I have the option of attending the ASA 101 and 103 course or for the same price I can get unlimited sailing for a year, which option should I take? Is getting certified really that important or should I go for unlimited sailing time with no certification?

Can you give us a little more info?

Any sailing experience before?
If YES, on what?
What is your ultimate goal?

My kids took 101 thru 103 and came out with a fairly good knowledge of boats less than 30’ without self tailing winches and reasonably light loads on the lines. Joined me on a 52’ and we pretty much started from scratch. Their attitude was dangerous with a boat with line loads this large.

Maybe, if you have no prior experience and a patient and knowing individual was your mentor that might be the place to start. This is assuming that they are not going to throw you to the wolves for the first little while.


What type of vessel would you have an unlimited sailing option on? would you be taking this vessel out alone, or would you have a mentor? what type of vessel are you looking to charter in 6 months to a year? What body of water would your unlimited experience be on? What body of water are you looking to charter on?

At this point, with limited information....my thought would be to take the lessons...and then go out and try to crew on other peoples boats..as much as you can.

I really think both is not anywhere near as expensive as the first year of owning a boat. If I had to pick I might be more in favor of the training. If the two cost the same then by all means do both. If you can get into 20 to 25 ft keel boats you would be well advised to jump on it. All the dinghy stuff helps you but it also makes you get the very most out of a course.

If your goal is to cruise either charter or ownership this could be the way to the express ticket. If you followed up the basic with the unlimited sailing you could be in great shape.

Also note that while the advanced training helps, you can often still charter if you take a captain for a day or so to check you out. It's the way the companies get around not taking your money and if you had a lot of water time you might just satisfy them as well as have enough confidence to do the rest.

In that way I would take the 1st course plus the unlimited sailing first choice and put off the later courses. You just go into them with more experience PLUS you get to perfect the basics that you really will spend the rest of your sailing career improving. for that reason the better start just seems like the more cost effective solution.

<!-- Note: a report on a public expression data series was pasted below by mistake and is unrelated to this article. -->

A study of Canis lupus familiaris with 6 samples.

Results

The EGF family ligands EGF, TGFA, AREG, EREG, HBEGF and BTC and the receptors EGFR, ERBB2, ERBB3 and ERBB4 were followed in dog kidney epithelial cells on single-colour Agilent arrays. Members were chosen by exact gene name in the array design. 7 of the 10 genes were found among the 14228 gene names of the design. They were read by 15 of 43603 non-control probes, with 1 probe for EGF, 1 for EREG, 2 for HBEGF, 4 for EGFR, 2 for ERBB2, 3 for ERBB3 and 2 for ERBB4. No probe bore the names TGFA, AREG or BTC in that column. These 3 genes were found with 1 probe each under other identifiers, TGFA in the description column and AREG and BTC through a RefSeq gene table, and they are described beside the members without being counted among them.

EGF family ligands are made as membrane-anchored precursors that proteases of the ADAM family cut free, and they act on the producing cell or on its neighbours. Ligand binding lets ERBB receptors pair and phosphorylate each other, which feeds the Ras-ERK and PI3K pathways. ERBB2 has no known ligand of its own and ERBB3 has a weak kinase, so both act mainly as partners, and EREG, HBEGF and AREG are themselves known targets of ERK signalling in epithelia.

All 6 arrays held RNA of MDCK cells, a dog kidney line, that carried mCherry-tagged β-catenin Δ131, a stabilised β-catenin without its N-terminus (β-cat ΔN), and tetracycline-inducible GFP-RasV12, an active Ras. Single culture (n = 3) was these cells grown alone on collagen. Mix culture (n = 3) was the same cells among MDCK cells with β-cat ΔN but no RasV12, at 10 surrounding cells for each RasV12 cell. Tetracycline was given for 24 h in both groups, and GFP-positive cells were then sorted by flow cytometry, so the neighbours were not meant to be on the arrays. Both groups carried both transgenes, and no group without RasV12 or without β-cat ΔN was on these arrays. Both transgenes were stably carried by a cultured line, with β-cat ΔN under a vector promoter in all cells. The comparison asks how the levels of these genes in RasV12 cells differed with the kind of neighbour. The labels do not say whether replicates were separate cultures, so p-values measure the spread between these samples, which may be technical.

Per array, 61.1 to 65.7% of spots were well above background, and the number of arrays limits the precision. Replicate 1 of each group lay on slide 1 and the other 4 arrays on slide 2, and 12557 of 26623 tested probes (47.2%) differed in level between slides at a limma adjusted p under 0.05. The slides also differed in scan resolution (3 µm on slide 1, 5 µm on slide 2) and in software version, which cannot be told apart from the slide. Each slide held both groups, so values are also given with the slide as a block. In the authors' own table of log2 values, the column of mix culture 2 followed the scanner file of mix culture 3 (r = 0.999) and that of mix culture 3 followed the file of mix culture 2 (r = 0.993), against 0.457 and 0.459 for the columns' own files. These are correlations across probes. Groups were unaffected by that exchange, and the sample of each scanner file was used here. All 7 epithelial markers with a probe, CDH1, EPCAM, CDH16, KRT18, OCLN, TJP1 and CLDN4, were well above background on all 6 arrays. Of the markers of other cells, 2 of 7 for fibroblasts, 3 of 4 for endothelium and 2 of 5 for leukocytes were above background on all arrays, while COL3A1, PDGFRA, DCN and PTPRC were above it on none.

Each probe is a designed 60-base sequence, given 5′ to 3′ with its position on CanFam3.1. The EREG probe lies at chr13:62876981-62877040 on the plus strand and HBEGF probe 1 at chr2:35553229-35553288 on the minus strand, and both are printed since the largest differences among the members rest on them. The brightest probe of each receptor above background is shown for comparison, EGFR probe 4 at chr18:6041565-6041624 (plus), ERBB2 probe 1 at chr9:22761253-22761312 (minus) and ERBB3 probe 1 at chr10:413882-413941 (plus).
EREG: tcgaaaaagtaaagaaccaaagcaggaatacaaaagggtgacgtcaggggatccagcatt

Learn correctly right now and sail a lot right after. Sounds more fun too. You need ways to keep the energy level up there and getting out on a boat on your own is the way that happens. Confidences grows with practice when you start out right. Unlearning bad habits is a lot harder than you think.
the unlimited sailing would be on Lake Michigan with a mentor and usually in a group of 6 people on 33 foot boats. I would not be allowed to take the boat out by myself, but I would take the helm and crew as well. The first goal is to get enough experience to charter a boat anywhere in the world, most likely in the bvi or somewhere like that. The second goal is to eventually buy a boat.

Well, based on that, I might take the unlimited sailing with a good mentor; especially if you take advantage of the " unlimited" factor. Also, read everything you can get your hands on.

I don't think it would qualify you to charter anywhere in the world but it's a great start.....

I've never sailed on Lake Michigan, I understand it's big water, However, tides and currents in the worlds oceans..will add an additional learning curve.

Good luck with whatever route you take...Sailing is a lifelong education...

Lake Michigan changes real quickly. If you learn there you can, with a little guidance read the weather patterns in the Caribbean. >Been there done that. <

Your next step might be in the Fl. Keys to learn reefs and shallows; they look different than the lake, kind of.

After all that take a skipper out in the BVI’s and if you’ve learned your lessons well he’ll be impressed and kick you loose.

Just remember ya never stop learning

My wife and I did a week long liveaboard ASA 101-104 on a 43' Bene in the BVI and after passiing the certification tests at the end of the week chartered a 38' Hunter for another week. Chartering for an additional week was one of the best things we did. It really cemented in the things we'd been taught the previous week. We've chartered at least a week (usually more) every year since, trying to sail a variety of boats in different locations. It's been a blast and very educational. We are coming very close to retiring and buying a boat to live on and sail wherever the tide and wind take us. I guess I'd recommend taking the classes and then chartering as often as possible. If possible take the classes on the size boat you want to charter.

It worked(ing) well for us.

Have a blast - it is sooo worth it.

I am doing both. I have had 101 and 103 followed by a club that allows me to go out whenever I can make it to the river(20-27' boats). That has been the best situation for me. This spring, I'll take the 104 and then in the fall, I'll charter a boat in the San Juans. It also helps to spend time reading the books.